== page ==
Alexander Dennis Limited (ADL) – the world’s leading supplier of double deck buses – was in Berlin today for the formal hand-over of a new-look vehicle that is about to go into trials in the German capital.
The 12.9m, two-door, three-axle double deck is a variant of ADL’s hugely successful Enviro500 model, a vehicle that has transformed the transport landscape in locations such as Hong Kong, Kuala Lumpur, Singapore, Auckland, New York, Las Vegas, Seattle, Vancouver, Ottawa and Toronto. In the last 18 months alone, over 2,000 Enviro500s have gone into service around the world, while others are now in the pipeline for new markets, such as Switzerland.
Accompanied by British Ambassador Sebastian Wood, ADL’s CEO, Colin Robertson, formally handed over the trial vehicle today to the Berlin Transport Authority (BVG, Berliner Verkehrsbetriebe). In doing so, he commented: “We are delighted to be involved in BVG’s extensive trial programme, which is designed to ensure the right transport resources are in place to meet the future needs of a fast-growing city. “As ever, the process forms part of our collaborative approach to engage with customers. Our aim will be to demonstrate the technical capability of our Enviro500 model, the comfort, quality and performance characteristics, while also examining occupancy levels and the flow of passengers between the lower and upper deck. We are also keen to have a more practical understanding of the waiting time between stops and the impact of peak passenger periods. “All of these factors, coupled with vital passenger and driver research will enable us to offer the optimum, custom-designed variant, just as we have done in other cities around the world.”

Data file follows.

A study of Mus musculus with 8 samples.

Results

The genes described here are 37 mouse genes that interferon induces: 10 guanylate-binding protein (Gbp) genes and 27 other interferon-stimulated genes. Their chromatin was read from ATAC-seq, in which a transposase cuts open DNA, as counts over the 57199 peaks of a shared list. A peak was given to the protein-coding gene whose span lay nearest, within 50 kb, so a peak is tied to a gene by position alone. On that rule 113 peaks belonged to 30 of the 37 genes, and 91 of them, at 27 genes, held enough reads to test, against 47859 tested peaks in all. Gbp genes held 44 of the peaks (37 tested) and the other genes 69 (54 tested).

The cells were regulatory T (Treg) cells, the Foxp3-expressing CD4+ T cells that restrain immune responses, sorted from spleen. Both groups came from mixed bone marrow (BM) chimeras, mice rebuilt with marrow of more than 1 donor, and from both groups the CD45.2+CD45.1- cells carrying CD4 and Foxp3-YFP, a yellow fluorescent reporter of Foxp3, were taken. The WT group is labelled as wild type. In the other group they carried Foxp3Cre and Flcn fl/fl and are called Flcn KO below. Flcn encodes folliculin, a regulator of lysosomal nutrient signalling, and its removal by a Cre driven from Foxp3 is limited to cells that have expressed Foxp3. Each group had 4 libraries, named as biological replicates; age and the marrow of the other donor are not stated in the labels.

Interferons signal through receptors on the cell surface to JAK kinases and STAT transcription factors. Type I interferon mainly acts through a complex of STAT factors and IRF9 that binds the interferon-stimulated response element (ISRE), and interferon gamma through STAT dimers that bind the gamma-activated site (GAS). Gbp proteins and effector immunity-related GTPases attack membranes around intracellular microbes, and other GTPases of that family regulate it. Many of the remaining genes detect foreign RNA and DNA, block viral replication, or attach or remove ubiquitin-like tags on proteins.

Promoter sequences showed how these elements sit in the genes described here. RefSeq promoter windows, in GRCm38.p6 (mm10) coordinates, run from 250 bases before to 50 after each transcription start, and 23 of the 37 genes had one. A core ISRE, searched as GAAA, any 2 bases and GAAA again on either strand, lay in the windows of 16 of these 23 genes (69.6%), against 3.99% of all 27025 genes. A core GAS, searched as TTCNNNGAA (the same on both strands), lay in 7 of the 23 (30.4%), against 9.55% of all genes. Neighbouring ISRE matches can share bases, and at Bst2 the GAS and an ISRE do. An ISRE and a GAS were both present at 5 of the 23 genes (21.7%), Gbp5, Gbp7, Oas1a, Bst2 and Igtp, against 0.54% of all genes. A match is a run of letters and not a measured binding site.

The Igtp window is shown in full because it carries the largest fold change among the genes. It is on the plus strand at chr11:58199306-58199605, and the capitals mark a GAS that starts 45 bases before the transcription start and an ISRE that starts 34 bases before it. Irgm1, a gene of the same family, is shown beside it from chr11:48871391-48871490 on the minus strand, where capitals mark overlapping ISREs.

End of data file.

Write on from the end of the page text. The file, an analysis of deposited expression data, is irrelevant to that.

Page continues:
He added: “I am confident that all parties will learn a great deal from this six-week exercise and that our Enviro500 will perform well, albeit that our ultimate product offering will differ in terms of layout from the North American demonstrator vehicle participating in the actual trial. As I have said on other occasions, this is the start of a journey, not the destination.”